Market Epicurean


The Month I Could Never Forget: A Not-So Happy Anniversary – PART EIGHT

Pipe

What a 20-Block Walk Can Mean to the Fate of a Gigantic Bank

I arrived in New York City on the evening of Thursday, September 25, 2008, in time to take in the failure of banking giant, Washington Mutual.  I also arrived without luggage (the one time in over 250 trips to New York City in twenty years that luggage was lost).  If lost luggage, a week representing the collapse of capital markets, and the failure of one of the largest banks on the west coast were all not enough, USC also lost to Oregon State late that night in on an ESPN Thursday Night Football game that would end up being our only loss of the season.  Yes, things were really bad.


9/17 – Wachovia to buy Morgan Stanley

9/19 – Goldman Sachs to buy Wachovia

9/24 – Wachovia passing on buying Morgan Stanley and passing on selling to Goldman Sachs

9/26 – 2pm – Citi making offer to buy Wachovia

9/26 – 3pm – Banco Santander considering a bid for Wachovia

9/26 – 4pm – Wells Fargo making offer to buy Wachovia

It was an exciting week in Charlotte, NC!  (Home of Wachovia Bank, then the 4th largest bank holding company in the U.S.)

As it would play out, Citi formerly offered to buy Wachovia for basically $1 per share, but with the FDIC absorbing any losses in a $312 billion mortgage pool Wachovia owned after $42 billion of losses.  The FDIC and Fed announced that this deal was entering final stages.  The deal was not going to include the Wachovia brokerage business (itself a conglomerate of Prudential, First Union, Everyn, and AG Edwards).  The Wells Fargo offer came during a period Wachovia and Citi were exclusively negotiating and involved no government backstop at all.  The deal was essentially for $7 a share.

(Remember that when I say “basically $1 per share” and “essentially $7 a share,” it is because these types of deals are actually done at an “equivalent” ratio in stock of the acquiring company.  So one can compute what the economic value to the seller was at the point of the offer, but the ending economic value fluctuates as the stock value of the buyer fluctuates; the ratio stays the same, but the numbers are not so black and white).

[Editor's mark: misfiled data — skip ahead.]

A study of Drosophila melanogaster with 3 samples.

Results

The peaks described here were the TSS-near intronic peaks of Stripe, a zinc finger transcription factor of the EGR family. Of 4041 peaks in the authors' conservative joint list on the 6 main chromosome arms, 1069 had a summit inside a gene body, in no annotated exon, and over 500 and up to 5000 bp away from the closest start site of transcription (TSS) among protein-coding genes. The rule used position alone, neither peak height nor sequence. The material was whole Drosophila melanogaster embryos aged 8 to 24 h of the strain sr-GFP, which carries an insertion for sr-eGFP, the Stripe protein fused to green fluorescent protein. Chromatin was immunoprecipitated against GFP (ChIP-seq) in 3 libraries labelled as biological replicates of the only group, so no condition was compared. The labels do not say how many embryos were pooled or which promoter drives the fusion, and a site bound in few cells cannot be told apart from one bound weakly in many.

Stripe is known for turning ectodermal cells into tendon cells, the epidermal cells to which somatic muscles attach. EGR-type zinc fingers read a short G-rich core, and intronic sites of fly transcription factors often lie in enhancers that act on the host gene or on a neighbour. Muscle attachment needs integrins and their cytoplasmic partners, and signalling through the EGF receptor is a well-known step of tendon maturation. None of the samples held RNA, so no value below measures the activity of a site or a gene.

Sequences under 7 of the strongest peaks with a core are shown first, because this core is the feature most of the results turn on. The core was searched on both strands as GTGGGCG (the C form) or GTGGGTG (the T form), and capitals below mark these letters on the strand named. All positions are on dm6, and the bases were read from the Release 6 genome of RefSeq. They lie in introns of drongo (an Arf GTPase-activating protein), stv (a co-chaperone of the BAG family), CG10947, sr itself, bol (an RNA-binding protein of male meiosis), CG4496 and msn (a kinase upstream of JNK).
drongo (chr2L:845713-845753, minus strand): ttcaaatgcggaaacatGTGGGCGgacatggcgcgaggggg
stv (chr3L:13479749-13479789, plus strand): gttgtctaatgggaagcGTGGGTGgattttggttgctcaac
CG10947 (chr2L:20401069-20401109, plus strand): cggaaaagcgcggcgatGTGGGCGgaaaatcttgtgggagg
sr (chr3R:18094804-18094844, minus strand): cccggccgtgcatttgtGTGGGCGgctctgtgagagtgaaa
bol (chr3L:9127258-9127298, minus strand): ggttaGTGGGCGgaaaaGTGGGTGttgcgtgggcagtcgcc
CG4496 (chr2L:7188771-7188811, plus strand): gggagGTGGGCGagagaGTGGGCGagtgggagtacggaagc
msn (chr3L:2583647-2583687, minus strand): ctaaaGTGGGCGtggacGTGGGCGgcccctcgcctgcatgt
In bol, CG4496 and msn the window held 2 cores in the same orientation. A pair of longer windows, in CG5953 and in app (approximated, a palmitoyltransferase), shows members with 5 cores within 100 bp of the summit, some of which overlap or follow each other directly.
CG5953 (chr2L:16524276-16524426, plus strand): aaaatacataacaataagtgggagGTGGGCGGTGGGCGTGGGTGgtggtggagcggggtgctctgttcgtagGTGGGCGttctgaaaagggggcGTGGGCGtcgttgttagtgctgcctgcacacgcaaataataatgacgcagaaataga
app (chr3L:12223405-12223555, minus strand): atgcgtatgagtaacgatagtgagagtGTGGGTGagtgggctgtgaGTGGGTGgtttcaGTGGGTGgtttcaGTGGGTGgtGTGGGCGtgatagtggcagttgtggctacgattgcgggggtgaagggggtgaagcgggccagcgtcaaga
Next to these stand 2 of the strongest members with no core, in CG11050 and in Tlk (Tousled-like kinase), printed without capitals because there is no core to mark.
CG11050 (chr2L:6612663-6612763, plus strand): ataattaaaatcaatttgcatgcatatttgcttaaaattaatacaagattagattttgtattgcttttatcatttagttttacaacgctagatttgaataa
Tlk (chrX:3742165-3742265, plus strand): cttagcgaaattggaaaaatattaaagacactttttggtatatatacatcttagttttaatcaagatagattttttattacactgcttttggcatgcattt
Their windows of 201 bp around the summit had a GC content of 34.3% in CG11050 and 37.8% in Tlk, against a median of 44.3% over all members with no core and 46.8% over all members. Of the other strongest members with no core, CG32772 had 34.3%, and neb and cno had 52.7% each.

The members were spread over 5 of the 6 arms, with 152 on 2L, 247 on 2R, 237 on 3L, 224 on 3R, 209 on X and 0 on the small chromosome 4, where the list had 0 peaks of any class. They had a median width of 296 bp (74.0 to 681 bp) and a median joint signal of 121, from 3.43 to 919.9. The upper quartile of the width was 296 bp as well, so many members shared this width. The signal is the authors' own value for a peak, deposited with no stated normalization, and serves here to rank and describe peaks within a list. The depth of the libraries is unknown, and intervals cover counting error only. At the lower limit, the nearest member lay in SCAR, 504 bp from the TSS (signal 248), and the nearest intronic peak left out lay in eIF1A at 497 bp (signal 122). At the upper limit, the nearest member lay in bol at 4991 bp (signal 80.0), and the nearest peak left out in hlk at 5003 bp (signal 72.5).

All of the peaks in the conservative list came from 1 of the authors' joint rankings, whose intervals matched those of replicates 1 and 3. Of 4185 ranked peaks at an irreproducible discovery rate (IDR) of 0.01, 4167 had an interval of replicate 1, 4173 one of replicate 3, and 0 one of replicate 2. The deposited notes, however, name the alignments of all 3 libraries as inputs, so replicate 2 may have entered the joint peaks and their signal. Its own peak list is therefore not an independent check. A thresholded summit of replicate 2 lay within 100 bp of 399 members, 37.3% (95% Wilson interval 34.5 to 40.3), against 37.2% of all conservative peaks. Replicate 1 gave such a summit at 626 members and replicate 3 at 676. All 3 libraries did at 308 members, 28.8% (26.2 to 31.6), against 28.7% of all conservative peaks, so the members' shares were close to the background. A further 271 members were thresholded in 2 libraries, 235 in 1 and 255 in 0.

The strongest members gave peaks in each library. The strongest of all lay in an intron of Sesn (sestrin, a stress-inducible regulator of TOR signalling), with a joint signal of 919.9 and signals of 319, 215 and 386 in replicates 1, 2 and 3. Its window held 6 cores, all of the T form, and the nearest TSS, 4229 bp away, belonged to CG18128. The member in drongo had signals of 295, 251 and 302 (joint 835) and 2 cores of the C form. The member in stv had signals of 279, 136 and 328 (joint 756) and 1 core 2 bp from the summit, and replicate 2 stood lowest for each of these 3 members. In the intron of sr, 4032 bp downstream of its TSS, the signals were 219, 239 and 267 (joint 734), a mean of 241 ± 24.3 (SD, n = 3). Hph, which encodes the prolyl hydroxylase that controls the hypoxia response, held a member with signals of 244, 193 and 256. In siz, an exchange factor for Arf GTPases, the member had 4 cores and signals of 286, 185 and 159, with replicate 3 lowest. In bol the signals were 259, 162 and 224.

James Gorman, CEO of Morgan Stanley (still today) told us at a closed-door meeting in 2009 that the capital hole in Wachovia’s balance sheet was $25 billion.  Well, the cost of their purchase of Golden West Financial in 2006 was, you guessed it, $25 billion.  Golden West was a famed subprime mortgage provider known for their use of negative amortization loans.  Wachovia Bank had $671 billion of deposits, but the capital hole in their balance sheet from somewhat inexplicable mortgage acquisitions, combined with a run on their bank the day after WaMu went down, had left Wachovia beaten and left for dead.  Wells Fargo had the balance sheet to make the purchase without government support, and Wachovia’s board jumped on the deal.

That final weekend of September would encompass some real drama for millions of Americans.  Across midtown Manhattan, there was a palpable sense of dread, fear, and uncertainty.  The world was now two weeks past the death of Lehman Brothers, and Congress was to vote on Monday on the idea of a “TARP” relief package to re-instill confidence in America’s financial system.  If fatigue was setting in on what had become of American capital markets and her premier financial institutions, the weekend would prove to be little aid in addressing such fatigue.

Wachovia became the latest institutional casualty in this financial crisis, and I banked another memory – of a 20-block walk so eventful, I hardly remember the meetings before and after it.